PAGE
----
Few attend Denton ISD meeting on bond issue


In less than 20 minutes, the town hall meeting to discuss the 2013 Denton school bond election came and went.

Aside from the five bond committee members and four representatives from the Denton school district, three people attended what may be one of the only town hall meetings conducted on the issue, on Monday night at Martin Luther King Jr. Recreation Center.

“The turnout last night was what it was,” Tim Crouch, co-chairman of the bond committee, said in an e-mail Tuesday. “I am always happy with however many people we have show up.”

He added that it’s tough getting people to an event such as the town hall meeting when “it is the only reason to show up.”

Since August, the school bond committee has made several election presentations before Denton school PTAs and other community groups in conjunction with other activities that drew much larger turnouts, Crouch said.

The committee intends to make its next presentation at 6:30 tonight at Navo Middle School, 1701 Navo Road in the U.S. Highway 380 Corridor. No additional town hall meetings are slated at this point, Crouch said.

About 11 additional presentations are scheduled through Oct. 30, including a vendor fair and chili cook-off, a Lions Club meeting and several PTA meetings, among others.

Jim Smith, who served on the 2007 bond committee and attended Monday’s meeting, said that people who haven’t heard about the bond election should have attended the town hall meeting.

“This presentation tonight, there were more bond people here than there were citizens,” Smith said. “That’s too bad.”

During Monday’s meeting, attendees were shown a five-minute video about the projects residents could vote for or against in the Nov. 5 election, followed by a brief question-and-answer session.

Some bond committee members were wearing lime green T-shirts stating “Ask me about Denton ISD’s New High School” — which did get one member stopped on the way out of the meeting by a Ryan High School alumna.

The $312 million bond package includes construction of a fourth comprehensive high school slated for construction along the U.S. 380 Corridor, a 23rd and 24th elementary school, an eighth middle school, a ninth-grade addition at Guyer High School, renovations at 17 campuses, energy conservation improvements and land acquisition.

“This is a package that the district needs,” Crouch said at Monday’s meeting. “That’s why the bond committee was put together and why these recommendations were made. We think that this is the kind of thing that assures that our kids will get the right kind of education.”

According to the video presented Monday, the school district’s student population has more than doubled since 2000, from 13,400 to more than 26,000. By 2018, enrollment is projected at 31,000 students.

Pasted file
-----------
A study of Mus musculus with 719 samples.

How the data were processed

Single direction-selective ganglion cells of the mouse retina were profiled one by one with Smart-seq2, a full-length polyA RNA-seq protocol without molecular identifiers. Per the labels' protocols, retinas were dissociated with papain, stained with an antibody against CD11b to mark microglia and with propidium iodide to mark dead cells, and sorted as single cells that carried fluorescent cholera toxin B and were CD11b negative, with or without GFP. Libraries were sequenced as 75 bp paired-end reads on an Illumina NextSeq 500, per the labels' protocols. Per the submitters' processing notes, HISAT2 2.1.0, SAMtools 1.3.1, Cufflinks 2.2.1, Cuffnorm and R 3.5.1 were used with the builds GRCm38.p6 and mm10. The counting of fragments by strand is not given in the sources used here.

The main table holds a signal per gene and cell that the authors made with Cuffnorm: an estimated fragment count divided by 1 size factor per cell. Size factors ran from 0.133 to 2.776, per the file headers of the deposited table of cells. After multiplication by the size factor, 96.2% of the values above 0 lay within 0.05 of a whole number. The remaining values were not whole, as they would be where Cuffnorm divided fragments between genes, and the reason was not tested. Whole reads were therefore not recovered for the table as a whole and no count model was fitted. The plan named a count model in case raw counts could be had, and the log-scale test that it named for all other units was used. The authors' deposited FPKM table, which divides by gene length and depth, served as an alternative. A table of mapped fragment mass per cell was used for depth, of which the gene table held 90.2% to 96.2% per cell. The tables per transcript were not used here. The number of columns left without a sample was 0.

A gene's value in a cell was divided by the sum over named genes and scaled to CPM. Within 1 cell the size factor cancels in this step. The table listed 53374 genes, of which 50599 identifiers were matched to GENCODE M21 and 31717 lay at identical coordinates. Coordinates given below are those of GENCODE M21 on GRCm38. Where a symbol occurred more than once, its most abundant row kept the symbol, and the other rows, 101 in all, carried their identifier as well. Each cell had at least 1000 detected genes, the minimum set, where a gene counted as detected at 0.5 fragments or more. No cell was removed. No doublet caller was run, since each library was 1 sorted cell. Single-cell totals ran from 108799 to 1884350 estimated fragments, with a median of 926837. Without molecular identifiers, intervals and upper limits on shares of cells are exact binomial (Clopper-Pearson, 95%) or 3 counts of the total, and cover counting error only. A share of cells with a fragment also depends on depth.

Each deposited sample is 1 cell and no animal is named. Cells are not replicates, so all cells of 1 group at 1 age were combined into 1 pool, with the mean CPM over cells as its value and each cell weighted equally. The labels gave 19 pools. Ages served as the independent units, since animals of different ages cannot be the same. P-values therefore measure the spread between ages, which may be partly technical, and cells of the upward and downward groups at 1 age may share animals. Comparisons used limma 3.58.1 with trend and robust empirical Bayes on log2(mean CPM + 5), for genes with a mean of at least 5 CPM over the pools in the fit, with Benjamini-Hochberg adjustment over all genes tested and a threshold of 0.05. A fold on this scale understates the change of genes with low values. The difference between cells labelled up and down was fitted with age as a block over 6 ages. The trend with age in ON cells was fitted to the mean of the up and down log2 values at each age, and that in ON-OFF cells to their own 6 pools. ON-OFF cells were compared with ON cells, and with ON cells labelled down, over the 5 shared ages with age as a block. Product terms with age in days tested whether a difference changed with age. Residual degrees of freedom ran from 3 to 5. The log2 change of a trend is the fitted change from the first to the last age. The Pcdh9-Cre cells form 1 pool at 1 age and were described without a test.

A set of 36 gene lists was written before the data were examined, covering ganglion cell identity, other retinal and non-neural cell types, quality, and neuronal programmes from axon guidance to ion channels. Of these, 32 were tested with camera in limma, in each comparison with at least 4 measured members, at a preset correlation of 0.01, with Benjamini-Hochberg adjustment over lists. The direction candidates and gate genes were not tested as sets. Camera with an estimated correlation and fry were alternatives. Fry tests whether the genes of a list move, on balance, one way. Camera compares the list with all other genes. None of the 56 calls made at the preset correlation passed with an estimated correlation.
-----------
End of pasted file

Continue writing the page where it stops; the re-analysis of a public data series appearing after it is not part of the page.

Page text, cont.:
Projects planned for the bond package will provide schools for the growing population and refurbish existing facilities, according to the presentation.

The video presentation indicated the estimated additional tax on a $150,000 home, if the bond package is approved, would be $15 a year.

Committee members present Monday said they’re concerned about students living along the U.S. Highway 380 Corridor being bused one hour each way to and from Denton High School and overcrowding in the schools.

Curtis Ramsey, a bond committee member, said there’s been some discussion, primarily from senior citizens, about them paying thousands of dollars in taxes all these years so “why now, why me?”

“You know, there were schools ready when those people went to school. There were schools ready when I went to school. There were schools ready for the people who are in school now,” he said. “It’s always been the American way to pay it forward. We have to prepare for the future before the future gets here, or we have a disaster.”

Rob Rayner, a Denton resident and broker for Tom Fouts Commercial Real Estate Inc., said he attended Monday’s meeting to hear more about the bond project, the number of schools that could be built and who those schools would serve. He said he thought the meeting was thorough and informative.

“I’m very glad to see that the growth of Denton ISD is very healthy. I like that the school board recognizes getting ahead of the curve,” Rayner said. “I think it’s important to not be caught flat-footed as other districts have. Denton has been growing rapidly for a number of years ... and I’m glad to see Denton ISD is getting ready for that.

“The numbers are a little scary, but seeing that the taxes are going to be kept to a minimum, I appreciate being able to see all this before we vote.”

Early voting begins Oct. 21 and continues through Nov. 1. Election Day is Nov. 5.

BRITNEY TABOR can be reached at 940-566-6876 and via Twitter at @BritneyTabor.